Yes, your child’s vaccination schedule will be resumed as early as one year after the transplant based on the Center's recommendation and follow-up.

For more information on vaccines: INFOVAC

How should I give tacrolimus to my child?

Your child should always take tacrolimus or another immunosuppressant:

  • by mouth 
  • at the same time
  • under the same conditions, whether on an empty stomach or with a meal

These essential precautions help to reduce fluctuations in the level of medicationin the blood. The analysis of the results is therefore more reliable, which makes it easier to adjust the treatment.

What should I do if my child vomits?

Use the half-hour rule:

  • if your child has a vomiting episode within the first half hour after administering the medication, you can give your child the same dose again.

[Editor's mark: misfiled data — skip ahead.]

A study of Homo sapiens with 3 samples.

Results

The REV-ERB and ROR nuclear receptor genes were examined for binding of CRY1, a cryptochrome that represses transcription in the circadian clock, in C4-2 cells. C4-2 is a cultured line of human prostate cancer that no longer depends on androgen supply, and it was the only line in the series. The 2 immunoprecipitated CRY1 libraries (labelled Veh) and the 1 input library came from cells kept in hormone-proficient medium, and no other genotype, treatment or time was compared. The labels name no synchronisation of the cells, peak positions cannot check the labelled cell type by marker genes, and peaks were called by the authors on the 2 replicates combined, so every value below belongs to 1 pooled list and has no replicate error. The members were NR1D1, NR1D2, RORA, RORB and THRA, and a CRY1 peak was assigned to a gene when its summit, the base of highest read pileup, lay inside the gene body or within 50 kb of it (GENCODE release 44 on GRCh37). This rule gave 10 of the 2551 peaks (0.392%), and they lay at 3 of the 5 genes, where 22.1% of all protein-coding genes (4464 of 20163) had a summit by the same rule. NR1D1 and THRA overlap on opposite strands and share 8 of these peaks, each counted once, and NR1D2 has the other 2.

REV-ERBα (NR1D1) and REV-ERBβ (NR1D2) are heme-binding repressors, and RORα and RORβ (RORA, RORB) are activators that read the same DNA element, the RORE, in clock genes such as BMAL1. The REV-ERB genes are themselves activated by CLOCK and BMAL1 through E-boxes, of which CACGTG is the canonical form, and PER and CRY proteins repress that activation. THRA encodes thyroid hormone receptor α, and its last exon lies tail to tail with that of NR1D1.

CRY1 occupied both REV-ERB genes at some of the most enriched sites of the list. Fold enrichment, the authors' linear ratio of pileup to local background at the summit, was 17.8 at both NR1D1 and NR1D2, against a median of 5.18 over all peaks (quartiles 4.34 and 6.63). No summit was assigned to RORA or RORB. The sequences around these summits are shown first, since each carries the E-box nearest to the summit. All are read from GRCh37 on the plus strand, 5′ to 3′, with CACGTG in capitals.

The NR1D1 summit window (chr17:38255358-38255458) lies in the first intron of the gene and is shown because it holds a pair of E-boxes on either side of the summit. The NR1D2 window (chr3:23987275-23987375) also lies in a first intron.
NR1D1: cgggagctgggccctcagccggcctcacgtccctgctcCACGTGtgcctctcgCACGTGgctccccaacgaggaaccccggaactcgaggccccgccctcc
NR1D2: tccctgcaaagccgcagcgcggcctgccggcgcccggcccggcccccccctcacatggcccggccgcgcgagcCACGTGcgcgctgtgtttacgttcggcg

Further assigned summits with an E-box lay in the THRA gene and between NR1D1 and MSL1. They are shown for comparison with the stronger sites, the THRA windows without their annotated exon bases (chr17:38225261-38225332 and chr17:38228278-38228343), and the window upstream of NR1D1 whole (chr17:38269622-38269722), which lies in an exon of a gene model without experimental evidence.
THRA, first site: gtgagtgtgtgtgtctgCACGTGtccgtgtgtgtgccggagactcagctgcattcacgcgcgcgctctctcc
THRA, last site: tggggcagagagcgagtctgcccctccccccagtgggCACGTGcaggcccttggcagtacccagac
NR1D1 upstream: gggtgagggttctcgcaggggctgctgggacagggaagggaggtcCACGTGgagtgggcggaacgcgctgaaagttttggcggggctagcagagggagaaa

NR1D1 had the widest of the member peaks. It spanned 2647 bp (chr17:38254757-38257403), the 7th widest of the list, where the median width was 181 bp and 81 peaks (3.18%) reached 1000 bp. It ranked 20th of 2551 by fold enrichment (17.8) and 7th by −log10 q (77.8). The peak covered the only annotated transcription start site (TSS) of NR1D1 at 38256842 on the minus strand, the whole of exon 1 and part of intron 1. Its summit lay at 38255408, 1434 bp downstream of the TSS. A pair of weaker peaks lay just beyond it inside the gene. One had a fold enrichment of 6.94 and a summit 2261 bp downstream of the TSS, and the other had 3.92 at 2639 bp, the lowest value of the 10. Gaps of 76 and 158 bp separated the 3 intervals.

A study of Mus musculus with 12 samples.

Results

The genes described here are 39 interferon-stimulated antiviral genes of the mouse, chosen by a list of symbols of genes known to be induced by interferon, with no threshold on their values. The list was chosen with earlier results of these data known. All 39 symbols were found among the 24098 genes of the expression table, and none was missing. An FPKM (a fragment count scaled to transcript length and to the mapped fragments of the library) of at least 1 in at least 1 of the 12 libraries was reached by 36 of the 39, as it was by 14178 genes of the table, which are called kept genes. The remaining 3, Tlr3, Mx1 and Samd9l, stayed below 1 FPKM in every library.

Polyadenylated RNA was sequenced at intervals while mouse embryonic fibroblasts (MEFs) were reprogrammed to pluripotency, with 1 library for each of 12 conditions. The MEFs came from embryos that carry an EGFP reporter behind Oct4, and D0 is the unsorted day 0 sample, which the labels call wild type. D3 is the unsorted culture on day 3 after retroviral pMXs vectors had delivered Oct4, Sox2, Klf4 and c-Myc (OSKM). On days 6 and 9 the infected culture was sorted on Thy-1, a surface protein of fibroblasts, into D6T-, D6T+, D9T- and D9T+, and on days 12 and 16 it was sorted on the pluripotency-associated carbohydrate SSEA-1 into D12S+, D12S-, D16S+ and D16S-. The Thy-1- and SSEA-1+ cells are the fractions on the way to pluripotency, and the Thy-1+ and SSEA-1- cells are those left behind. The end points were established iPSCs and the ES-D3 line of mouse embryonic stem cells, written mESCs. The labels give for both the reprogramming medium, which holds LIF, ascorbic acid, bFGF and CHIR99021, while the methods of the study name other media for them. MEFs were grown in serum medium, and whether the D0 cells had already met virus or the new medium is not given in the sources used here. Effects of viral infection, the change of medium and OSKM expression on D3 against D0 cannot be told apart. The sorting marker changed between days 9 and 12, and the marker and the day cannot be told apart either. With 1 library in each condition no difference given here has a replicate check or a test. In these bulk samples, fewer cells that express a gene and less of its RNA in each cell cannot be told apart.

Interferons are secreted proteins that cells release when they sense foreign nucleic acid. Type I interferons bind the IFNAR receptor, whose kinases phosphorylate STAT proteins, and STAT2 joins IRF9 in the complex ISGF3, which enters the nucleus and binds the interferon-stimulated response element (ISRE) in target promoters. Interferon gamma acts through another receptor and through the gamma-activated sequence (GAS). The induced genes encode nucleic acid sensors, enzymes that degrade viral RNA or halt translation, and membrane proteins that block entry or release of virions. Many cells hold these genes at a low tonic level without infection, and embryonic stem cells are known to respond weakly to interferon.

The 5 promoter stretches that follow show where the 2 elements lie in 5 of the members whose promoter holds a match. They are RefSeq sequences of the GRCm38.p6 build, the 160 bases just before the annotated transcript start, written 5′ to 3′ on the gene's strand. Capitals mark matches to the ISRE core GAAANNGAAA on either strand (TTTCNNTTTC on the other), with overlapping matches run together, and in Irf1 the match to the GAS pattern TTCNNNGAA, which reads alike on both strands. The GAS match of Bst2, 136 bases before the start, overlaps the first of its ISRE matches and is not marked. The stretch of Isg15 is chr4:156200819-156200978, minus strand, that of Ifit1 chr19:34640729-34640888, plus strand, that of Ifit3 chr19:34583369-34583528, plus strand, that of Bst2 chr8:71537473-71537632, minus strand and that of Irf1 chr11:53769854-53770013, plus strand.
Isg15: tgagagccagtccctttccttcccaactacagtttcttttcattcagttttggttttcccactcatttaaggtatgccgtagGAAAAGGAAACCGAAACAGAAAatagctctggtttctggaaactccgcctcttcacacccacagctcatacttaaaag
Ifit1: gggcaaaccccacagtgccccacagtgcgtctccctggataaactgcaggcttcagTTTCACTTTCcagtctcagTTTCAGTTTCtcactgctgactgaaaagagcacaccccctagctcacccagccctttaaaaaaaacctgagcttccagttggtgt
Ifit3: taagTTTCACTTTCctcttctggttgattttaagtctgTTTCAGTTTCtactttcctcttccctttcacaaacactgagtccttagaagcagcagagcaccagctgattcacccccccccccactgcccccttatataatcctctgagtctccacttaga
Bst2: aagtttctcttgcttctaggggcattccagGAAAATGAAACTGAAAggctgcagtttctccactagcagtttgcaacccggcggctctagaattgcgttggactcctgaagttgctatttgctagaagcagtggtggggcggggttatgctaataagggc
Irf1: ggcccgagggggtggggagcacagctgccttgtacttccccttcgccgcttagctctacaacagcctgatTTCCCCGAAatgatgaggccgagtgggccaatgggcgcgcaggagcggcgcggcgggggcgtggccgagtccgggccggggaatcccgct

• if the vomiting episode occurs a half hour or more after administering the medication, do not give it again because it has probably already been absorbed.

Please feel free to call our Center if you have any questions or if vomiting persists.

Why are other types of medication prescribed?

At first, six drugs a day are prescribed, as a preventive measure, to reduce the side effects of the immunosuppressant. They protect against high blood pressure, renal failure and the risk of viral or bacterial infection. Then, this number gradually decreases over the years (1 to 3/day).

Should it also be taken orally?

Yes. Even if your child has a nasogastric tube. As with tacrolimus, other immunosuppressive medication, including Nifedipine®, Amphomoronal® and Mycostatin®, should preferably be taken by mouth.

The other treatments can be administered through the tube. However, because the tube is temporary, it is best for your child to get used to taking its medication by mouth.